Modern cameras are pretty good at determining the proper camera settings for making properly exposed photos, but if you are going to consistently achieve well-exposed images you will eventually need to take your camera out of program mode and make your own decisions regarding exposure. Back in olden times (about ten years ago,) we shot film and couldn’t see our results until that film was developed. I know I regularly threw out a number of slides per roll due to poor exposure, despite using several techniques for determining proper exposure. With the advent of the histogram in digital cameras, there really is no need to improperly expose an image if you are paying attention. DSLR’s and many point and shoots will display a histogram when you play back an image and many will show you a histogram in live view mode while you are composing an image. The histogram is a bar graph that charts exposure by showing you the number of pixels in your photo at each tonal gradation, from black on the left to white on the right. By learning how to read this graph, you can easily make exposure adjustments in the field to insure you will end up with a properly exposed photo.
Watch the accompanying video for a detailed description of how to read a histogram. You may want to pause it when the screen captures appear so you can really study how the histogram relates to each particular photo. The video explains in detail how to recognize an underexposed or overexposed photo and how to make exposure adjustments based on this information. This explanation works fine in photos with average contrast, when you can usually find an F-stop/shutter speed combination that will give you proper exposure without blown out highlights or underexposed shadows. However in very low contrast scenes or very high contrast scenes, you will need an even deeper understanding of the histogram, which I’ll outline here.
In low-contrast scenes, when the entire frame is either in shadow or lit by shadow-free, diffuse overcast light, you will see a histogram that is all bunched up, with gaps on both the right and left sides of the graph (like in the above photo.) Since that bunch of pixels is primarily mid-tones, you’ll want to expose the scene so that the histogram peaks in the middle of the graph, or slightly to the right of middle. I explain this in more detail in my post, Add Blacks to Give Low Contrast Images Some “Pop”.
In high-contrast scenes, you will most likely end up with a histogram with spikes on both ends of the graph, which means you have both blown out highlights and clipped shadows. Changing your exposure settings can fix one of those problems, but not both (if you reduce exposure to properly expose your highlights, you’ll end up with even more clipped shadows.) This happens on bright sunny days when the scene contains both bright highlights and dark shadows (think of the dappled sunlight in a forest.) It can also happen during sunrise and sunset, when the low angle of the sun will cause the scene to have a bright sky and maybe a well-lit mountain, but the sun isn’t yet high enough to light your foreground. In the latter case, you can use a filter called a graduated split neutral density filter to control exposure (more about this in Week 9.) In the former case (like in the below example,) you face a bigger challenge. Sometimes, you can add some fill flash to balance out exposure, but often you are better off recomposing to eliminate either the highlights or shadows from your composition. You might also just need to return to the scene when the light is lower in contrast.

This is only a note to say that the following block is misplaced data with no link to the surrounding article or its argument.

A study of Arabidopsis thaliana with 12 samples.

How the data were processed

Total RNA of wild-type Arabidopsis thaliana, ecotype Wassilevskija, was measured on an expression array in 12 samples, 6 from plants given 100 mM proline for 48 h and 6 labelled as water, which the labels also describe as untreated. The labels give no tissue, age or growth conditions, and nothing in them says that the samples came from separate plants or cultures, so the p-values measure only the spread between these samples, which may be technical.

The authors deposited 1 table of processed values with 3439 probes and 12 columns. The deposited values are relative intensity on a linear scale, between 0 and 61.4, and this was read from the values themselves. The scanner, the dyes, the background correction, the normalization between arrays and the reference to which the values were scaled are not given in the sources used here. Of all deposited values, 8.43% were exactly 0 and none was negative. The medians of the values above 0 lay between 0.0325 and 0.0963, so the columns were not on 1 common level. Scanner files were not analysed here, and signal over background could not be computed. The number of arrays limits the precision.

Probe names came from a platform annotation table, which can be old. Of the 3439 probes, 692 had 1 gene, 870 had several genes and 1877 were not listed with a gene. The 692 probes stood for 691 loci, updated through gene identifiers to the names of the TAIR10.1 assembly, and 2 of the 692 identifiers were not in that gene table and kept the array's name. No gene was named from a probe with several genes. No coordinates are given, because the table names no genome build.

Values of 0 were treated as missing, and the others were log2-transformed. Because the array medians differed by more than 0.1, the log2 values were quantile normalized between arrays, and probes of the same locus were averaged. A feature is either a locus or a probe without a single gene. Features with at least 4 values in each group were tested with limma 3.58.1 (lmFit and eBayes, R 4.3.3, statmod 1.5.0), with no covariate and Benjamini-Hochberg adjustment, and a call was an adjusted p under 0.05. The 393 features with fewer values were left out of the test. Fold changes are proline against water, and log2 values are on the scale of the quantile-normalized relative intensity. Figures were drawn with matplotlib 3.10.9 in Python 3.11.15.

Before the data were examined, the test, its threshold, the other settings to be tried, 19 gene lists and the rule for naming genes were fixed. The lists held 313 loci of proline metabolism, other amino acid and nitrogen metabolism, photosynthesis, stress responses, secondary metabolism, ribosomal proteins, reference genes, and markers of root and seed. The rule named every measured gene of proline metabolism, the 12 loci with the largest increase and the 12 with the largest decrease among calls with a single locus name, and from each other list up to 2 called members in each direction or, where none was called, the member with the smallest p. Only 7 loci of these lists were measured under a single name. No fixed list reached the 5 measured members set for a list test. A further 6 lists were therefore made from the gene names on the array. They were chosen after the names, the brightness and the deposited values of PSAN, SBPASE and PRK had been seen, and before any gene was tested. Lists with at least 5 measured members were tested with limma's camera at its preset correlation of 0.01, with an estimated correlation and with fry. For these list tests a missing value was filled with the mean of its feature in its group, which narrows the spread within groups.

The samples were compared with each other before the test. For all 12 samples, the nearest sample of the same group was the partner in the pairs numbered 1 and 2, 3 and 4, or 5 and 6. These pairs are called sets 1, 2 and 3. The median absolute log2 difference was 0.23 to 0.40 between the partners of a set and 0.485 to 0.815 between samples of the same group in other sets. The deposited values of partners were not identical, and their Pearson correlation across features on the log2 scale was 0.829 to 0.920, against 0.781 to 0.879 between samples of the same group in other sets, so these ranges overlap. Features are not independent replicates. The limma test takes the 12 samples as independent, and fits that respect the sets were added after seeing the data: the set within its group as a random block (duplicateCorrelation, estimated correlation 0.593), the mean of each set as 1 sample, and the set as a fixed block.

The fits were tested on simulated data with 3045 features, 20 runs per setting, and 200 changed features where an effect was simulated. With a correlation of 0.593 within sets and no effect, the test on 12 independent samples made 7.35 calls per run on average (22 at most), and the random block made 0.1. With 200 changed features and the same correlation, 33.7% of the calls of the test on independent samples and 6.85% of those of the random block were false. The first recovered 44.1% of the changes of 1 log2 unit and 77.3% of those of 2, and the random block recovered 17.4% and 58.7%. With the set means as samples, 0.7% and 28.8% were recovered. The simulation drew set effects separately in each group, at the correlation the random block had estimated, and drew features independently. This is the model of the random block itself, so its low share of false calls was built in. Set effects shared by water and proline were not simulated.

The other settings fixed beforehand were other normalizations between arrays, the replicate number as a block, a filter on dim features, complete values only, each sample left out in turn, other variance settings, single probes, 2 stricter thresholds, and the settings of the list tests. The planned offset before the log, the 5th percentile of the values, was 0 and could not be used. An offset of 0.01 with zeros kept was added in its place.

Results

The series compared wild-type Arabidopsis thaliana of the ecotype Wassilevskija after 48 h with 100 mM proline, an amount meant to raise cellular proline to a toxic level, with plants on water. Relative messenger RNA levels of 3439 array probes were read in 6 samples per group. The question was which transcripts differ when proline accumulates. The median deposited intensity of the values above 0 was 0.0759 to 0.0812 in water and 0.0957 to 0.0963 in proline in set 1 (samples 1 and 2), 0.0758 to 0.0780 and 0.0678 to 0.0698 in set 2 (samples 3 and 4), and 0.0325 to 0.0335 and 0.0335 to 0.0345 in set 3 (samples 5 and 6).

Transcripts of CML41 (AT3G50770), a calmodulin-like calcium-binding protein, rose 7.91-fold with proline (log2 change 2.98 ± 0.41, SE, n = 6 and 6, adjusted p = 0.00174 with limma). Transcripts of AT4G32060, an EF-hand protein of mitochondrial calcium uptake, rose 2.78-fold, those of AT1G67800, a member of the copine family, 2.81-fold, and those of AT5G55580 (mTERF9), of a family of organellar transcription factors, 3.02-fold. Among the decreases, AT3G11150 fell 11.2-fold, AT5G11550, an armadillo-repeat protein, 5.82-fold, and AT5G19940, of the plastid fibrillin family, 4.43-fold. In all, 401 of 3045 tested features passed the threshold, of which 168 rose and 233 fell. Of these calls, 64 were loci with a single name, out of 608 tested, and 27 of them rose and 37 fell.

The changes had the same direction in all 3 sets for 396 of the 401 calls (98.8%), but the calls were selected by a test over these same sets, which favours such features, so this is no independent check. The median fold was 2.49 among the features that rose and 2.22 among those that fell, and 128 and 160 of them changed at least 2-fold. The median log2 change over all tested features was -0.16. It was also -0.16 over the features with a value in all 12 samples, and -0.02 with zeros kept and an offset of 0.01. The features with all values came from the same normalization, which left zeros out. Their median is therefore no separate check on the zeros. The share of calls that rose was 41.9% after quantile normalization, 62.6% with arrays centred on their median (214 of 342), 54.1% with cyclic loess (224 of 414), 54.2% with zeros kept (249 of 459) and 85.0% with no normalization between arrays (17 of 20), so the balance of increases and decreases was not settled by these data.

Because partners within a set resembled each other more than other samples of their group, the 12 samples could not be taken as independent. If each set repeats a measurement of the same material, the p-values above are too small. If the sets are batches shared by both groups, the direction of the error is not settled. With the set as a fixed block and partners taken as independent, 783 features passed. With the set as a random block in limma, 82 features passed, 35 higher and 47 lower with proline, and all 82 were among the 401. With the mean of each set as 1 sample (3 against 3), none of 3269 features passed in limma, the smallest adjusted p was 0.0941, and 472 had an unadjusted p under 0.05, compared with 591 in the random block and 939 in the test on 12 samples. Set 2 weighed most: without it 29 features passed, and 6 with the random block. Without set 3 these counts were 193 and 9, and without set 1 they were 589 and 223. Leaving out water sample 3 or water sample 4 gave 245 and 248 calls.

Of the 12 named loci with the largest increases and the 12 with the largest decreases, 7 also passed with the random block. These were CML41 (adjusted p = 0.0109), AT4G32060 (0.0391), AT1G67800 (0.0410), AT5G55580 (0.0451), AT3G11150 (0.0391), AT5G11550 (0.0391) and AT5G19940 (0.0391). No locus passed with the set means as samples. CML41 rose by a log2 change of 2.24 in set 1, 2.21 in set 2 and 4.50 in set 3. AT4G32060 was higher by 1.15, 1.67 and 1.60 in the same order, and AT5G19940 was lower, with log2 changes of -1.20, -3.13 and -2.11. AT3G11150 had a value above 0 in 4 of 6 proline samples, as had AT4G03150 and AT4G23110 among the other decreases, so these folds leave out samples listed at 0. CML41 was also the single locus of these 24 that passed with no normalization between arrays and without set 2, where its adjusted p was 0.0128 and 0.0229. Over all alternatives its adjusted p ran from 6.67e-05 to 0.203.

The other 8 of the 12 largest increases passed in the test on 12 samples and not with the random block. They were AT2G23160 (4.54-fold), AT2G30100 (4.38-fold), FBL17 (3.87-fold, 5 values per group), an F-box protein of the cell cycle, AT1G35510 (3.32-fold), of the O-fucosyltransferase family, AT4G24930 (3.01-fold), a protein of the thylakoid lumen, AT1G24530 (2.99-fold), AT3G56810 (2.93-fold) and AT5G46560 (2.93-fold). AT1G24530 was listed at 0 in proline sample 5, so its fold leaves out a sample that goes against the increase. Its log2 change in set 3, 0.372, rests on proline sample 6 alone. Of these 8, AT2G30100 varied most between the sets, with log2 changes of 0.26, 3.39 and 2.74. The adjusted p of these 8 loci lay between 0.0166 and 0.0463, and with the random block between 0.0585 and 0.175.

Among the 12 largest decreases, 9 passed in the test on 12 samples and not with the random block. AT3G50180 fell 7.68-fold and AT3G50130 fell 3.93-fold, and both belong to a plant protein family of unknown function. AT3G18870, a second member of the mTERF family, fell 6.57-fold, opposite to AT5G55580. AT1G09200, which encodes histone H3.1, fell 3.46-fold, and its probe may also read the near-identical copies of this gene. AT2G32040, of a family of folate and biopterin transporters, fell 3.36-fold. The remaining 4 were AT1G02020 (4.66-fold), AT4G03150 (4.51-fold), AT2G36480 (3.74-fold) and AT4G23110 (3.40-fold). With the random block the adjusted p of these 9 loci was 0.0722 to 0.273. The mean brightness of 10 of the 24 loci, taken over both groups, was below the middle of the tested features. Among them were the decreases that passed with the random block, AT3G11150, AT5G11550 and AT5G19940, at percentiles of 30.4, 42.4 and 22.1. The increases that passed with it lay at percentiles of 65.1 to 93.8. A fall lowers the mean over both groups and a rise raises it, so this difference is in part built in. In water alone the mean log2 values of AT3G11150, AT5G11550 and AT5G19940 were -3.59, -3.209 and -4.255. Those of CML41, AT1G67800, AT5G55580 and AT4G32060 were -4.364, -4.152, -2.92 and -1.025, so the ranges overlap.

Here’s this week’s assignment:
1) Watch the video!
2) Get out and shoot! First, if you’ve never seen the histogram before on your camera, read your manual so you know how to display it. For this assignment, I want you to shoot in manual exposure mode. Learn how to read the in-camera meter and how to adjust your aperture and shutter speed so that the meter in your viewfinder indicates a proper exposure. In most cameras, you will see some numbers and vertical lines at the bottom of the viewfinder – in my Canon it looks like this:
-2 | | 1 | | v | | 1 | | +2. (The “v” is actually a triangle, and the numbers indicate the number of stops the camera thinks your photo will be over- or under-exposed.)
When you depress the shutter half way, another line will appear. This one blinks and indicates where on this continuum of exposure your current camera settings will get you. As you change your f-stop and/or shutter speed, this blinking line will move. Get it lined up in the middle and take a photo. Check your histogram and see if you need to adjust your exposure settings. Make your changes if necessary and re-shoot, checking your new histogram to see that you’ve accomplished your goal of proper exposure.
3) Post your properly exposed photos to our on-line Flickr Group before Wednesday, February 29nd. In the picture description, explain how you adjusted the exposure from what the camera’s meter suggested. And don’t try to fake it – your picture’s EXIF data will tell your story!
On Thursday, March 1st, I’ll select one photo to critique and mail a copy of The AMC Guide to Outdoor Digital Photography to the photographer. Post your questions in the comments section below.
Thanks for watching, and have fun!
P.S. I have to give a shout out and thanks to Andrew Pappas for helping out with filming this tip – thanks Andrew!